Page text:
Posted on March 4, 2019
How scooters, dockless bikes can help with transportation equity in NYC
— Curbed NY (@CurbedNY) March 1, 2019
For as robust and extensive as New York City’s transportation network is, the city still has many areas that are considered transit deserts. A recent report by the Regional Plan Association found that roughly a third of New York residents do not have a subway stop within walking distance of their homes and the problem is especially acute in dense areas that are lower-income—places like Canarsie, in Brooklyn, and many parts of central and northeast Queens. City buses serve many of New York’s transit deserts, but service has suffered from both falling ridership and agonizingly slow speeds.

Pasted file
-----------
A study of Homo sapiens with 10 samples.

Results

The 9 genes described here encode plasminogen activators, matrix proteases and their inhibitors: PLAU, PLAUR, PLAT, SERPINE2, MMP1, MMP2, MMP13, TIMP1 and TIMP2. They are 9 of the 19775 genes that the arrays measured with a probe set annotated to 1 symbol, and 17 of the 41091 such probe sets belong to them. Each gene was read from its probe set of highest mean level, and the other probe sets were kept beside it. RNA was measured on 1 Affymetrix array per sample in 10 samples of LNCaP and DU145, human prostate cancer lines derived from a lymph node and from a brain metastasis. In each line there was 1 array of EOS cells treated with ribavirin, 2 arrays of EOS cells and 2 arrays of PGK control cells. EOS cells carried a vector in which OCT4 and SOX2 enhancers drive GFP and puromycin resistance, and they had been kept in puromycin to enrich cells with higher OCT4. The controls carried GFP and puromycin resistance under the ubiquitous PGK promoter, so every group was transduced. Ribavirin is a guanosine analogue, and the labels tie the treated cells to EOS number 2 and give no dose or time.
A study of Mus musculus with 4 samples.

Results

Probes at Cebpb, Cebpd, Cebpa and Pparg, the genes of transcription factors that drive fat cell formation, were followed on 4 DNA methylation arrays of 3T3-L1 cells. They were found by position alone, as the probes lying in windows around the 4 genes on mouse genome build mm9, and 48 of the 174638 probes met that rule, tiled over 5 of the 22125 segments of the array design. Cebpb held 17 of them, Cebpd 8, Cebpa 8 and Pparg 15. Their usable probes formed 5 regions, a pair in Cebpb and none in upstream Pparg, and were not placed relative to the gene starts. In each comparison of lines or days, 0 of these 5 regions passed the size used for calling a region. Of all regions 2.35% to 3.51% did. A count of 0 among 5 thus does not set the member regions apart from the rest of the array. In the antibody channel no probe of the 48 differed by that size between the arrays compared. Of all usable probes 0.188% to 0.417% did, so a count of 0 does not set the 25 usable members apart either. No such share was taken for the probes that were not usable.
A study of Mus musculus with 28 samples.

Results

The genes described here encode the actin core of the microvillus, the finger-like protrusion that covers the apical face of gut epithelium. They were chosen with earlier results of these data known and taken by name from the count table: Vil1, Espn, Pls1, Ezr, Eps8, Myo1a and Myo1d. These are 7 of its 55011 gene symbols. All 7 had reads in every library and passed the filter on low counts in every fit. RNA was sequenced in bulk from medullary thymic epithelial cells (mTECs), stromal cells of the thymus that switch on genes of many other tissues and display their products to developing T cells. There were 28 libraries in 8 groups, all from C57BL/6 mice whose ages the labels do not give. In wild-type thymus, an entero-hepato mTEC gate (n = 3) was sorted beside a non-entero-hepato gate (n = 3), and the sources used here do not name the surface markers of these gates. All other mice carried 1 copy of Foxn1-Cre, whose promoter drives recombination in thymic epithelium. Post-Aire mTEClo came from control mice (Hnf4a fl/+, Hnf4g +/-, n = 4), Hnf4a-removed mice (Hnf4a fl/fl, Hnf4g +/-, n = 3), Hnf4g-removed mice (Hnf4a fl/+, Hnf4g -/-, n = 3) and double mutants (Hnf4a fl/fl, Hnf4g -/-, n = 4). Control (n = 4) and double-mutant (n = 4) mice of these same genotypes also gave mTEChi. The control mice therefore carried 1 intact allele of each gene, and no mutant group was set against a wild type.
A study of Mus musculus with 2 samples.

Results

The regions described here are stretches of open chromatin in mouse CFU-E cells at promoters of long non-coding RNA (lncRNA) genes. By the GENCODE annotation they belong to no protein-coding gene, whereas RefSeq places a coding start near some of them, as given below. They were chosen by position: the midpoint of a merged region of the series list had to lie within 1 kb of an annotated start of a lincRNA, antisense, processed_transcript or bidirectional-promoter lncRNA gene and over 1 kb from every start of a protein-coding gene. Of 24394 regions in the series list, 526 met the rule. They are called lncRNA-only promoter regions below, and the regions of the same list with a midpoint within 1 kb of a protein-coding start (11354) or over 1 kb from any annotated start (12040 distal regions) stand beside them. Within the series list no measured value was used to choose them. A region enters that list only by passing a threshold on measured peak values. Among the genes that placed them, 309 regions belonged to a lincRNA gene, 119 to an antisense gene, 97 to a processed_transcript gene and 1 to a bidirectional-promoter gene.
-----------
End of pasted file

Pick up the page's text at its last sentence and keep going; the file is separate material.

Lime, the dockless bike and scooter company, recently commissioned its own study on transit deserts, and its findings echo those in the RPA report. The study points to inequality in access to other modes of transit in New York City. Citi Bike service, for example, is concentrated in areas that aren’t lacking for other transportation options; those areas are also, by and large, higher-income and populated by white New Yorkers. Studies have shown that commuting times have a huge impact on upward mobility—and New York’s transit deserts “drastically and disproportionately affect low-income populations and communities of color, resulting in significant barriers to upward mobility.”
So far, officials have taken baby steps toward bringing dockless transportation to city streets. “We need a solution to fix our transportation equity problem now—and dock-free vehicles are ready to roll,” said Jonathan Westin, the executive director of New York Communities for Change. “It is unacceptable that those who are struggling the most in our city—low-income communities of color—are those with the least-affordable, least-reliable transportation options. New York City must allow dock-free bikes and scooters to help fix our transportation equity crisis.”